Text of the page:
In the October 1978 issue of TR, William F. Whitmore invoked an idea from the 19th century: ocean thermal energy conversion, or OTEC. Exploiting the temperature difference between the sun-heated surface of tropical waters and the chilled depths thousands of feet below, Whitmore argued, could provide clean, renewable energy in the lower latitudes.
In the tropics, the oceans store an immense amount of energy from the sun. The band of surface water within 10º of the equator basks around at 80º F., while cold regions 3,000 ft. below are around 40º F. [OTEC] uses this thermal gradient, like the hot and cold terminals of a gas turbine, to generate electricity. The essence of the system is the circulation of a fluid such as ammonia or propane. Where it comes near the warm water it is brought to a boil and so expands; where it comes near the cold, it liquefies once again. In the course of its circulation from one place to another, it drives a power-generating turbine. A typical closed-loop system would include two exchangers (evaporator and condenser), a turbine, and a generator.
… The engineering challenges to be bridged demand solutions of scale rather than of technical innovation. Ship designs and structures used for offshore oil platforms have blazed the trail for the physical platform on which OTEC will be mounted. A general design goal is to isolate the platform as much as possible from the influence of the ocean surface, where the interaction of wind and wave can induce violent platform motions. A leading candidate is a large spar buoy configuration, with most of the platform mass several hundred feet underwater and a relatively small surfacepiercing mast for access; this would also give warning to marine traffic. The OTEC system, with power cabled to shore, is necessarily fixed in place. Both steel and concrete are considered as possible platform construction materials.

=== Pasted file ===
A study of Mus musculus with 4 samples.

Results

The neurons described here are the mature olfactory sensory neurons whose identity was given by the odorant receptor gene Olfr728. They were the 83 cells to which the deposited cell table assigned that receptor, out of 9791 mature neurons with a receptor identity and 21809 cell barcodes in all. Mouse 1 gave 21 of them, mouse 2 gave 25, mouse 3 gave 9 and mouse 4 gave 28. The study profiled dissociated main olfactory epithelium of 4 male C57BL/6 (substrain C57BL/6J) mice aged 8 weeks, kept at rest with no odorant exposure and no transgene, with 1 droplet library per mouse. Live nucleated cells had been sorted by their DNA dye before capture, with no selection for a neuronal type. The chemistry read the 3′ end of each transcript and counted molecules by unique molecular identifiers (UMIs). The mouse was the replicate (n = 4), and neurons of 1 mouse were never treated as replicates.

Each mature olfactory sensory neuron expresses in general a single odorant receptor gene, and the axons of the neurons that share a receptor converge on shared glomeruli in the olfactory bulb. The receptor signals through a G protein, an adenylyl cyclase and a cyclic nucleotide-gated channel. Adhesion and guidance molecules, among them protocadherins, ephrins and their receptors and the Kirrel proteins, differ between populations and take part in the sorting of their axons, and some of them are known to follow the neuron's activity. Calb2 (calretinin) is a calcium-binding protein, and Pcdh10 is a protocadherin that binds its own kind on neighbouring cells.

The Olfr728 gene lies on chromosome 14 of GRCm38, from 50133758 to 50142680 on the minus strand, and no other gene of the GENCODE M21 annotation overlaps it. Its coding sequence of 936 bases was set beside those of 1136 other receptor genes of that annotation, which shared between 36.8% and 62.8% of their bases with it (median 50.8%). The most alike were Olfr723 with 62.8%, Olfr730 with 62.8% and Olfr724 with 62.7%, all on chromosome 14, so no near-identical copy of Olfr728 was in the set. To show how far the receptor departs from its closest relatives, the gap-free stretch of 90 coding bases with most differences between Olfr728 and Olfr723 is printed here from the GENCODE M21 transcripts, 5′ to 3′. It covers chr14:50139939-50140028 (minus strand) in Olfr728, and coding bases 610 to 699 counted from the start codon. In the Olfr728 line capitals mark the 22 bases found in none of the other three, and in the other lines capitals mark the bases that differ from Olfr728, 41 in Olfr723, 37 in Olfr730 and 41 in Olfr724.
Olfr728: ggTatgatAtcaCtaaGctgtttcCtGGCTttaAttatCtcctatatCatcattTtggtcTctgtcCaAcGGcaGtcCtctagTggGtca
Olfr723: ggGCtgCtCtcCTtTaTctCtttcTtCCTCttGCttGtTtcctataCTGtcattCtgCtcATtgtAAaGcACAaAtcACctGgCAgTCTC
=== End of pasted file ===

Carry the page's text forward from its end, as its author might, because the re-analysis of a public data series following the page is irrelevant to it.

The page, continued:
In the 1990s, 250-kilowatt test facilities in Hawaii’s tropical waters demonstrated OTEC’s feasibility. For a plant to be commercially viable in the United States, however, it would have to produce between 50 and 100 megawatts. Developing such plants would require “patient financing,” according to Luis Vega, test director of the largest test plant operated by the Pacific International Center for High Technology Research, which ran the Hawaiian facilities. The first step would be a prototype plant of a few megawatts. Ultimately, Vega believes, not only would a commercial-scale OTEC plant be viable, but it could operate at six to eight cents per kilowatt-hour, making it competitive with other renewable energy sources and even with fossil-fuel plants. But for now, the oceans remain untapped.